The terrible attack on Gabrielle Giffords will shock us all - the attempted murder of an elected politician causes a mass intake of breath. And reminds us of the fragility of democracy. But our first response should be to turn our thoughts to the victims, their families and their friends. They are suffering and it shows no respect at all if our response to the tragedy is political.
The language of war and violence litters our political debate - we are 'fighting', 'campaigning', 'taking out', 'bringing down' - all aggressive words intended to fire up our supporters and demoralise opponents.
So when a US Democrat Congresswoman is gunned down this discourse continues for some. Instead of looking in shock, hesitating and thinking of that person's family, friends and associates, the search is on for a cause - a cause of the attack. Before any investigation, before we even know the name of the gunman, before we even know the death count...the finger is pointed. And it is a political finger.
It seems at least six people are dead, but what matters to some is to find a political source for the tragedy. Fevered shouts, name-calling and the naming of the culprit. And in this case a nice easy target - or maybe I can't now use that word - has emerged in Sarah Palin who made the terrible mistake of putting crosshairs symbols on a map showing the congressmen and senators she wanted to target in the 2012 election campaigns. And we are supposed now to believe that this act - this terrible error - was responsible for some deranged maniac shooting down Gabrielle Giffords and around a dozen bystanders?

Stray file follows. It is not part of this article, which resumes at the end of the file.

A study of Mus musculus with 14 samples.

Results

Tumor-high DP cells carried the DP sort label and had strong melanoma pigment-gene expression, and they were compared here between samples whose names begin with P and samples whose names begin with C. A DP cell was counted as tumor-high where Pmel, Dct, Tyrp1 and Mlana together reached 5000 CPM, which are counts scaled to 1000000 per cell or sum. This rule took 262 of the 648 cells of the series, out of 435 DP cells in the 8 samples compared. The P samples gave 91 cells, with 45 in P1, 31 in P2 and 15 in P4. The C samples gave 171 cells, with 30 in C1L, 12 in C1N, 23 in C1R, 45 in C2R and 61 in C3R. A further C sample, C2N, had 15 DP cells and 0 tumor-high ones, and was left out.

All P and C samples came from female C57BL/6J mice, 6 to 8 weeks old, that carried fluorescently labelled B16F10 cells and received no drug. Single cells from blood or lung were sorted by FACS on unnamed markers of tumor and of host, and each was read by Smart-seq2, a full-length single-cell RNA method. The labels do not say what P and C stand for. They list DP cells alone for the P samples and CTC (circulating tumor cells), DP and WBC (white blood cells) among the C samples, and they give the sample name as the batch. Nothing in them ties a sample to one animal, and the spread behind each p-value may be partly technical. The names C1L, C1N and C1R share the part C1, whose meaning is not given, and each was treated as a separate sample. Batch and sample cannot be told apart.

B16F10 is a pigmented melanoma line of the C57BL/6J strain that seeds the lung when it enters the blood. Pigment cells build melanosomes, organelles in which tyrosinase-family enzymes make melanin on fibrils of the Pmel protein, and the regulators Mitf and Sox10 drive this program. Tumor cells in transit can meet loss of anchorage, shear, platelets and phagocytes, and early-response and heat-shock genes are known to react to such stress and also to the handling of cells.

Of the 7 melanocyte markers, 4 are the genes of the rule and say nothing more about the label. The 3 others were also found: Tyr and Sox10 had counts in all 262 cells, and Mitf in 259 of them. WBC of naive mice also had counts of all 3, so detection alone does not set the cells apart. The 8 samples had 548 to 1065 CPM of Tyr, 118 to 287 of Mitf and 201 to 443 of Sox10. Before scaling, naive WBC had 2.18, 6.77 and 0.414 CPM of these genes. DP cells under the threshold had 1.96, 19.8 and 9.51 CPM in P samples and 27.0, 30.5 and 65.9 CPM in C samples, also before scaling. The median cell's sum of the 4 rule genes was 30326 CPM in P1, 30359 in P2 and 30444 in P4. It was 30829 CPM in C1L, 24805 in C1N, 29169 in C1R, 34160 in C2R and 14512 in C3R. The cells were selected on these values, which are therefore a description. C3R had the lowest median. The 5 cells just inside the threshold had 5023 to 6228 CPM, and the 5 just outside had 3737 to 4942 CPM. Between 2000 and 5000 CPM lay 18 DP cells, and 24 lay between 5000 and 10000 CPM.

I do not believe for one second that this website map was intended to or acted to incite some person to the extremes of violence we have seen today. I hold no brief for Sarah Palin's politics - although I don't share some folk's irrational and violent hatred of her - and think that the cause of liberty is held back by those like her (and sadly too many her left-wing opponents) who combine it with judgmental bigotry. But I do not see in her campaigns any incitement to violence or any corrupting of America's democratic discourse.
If there is a lesson - and I would prefer to wait for investigations, to see whether we can understand why the murderer did what he did - it might lie in the language we all use. The wishing of people dead (I would have a pretty penny if I'd sixpence for every time someone publicly wished Margaret Thatcher dead), the celebration of violent acts (remember that criminally foolish student with the fire extinguisher) and the use of metaphors of war in our political campaigning - all these things could contribute to providing, for someone already minded to murder, some form of warped justification for such a terrible act.
But however much we should moderate the language of our political discourse, however much we should treat opponents as real human beings, there is no place for claiming that a debate littered with violent language causes or incites murder. It does not.
And rather than trying to create such a belief, we should instead be thinking about those shot - some of them killed. If it's your way, pray for them. Cry a little. Pause for political breath.
And show the dead, dying and wounded some respect.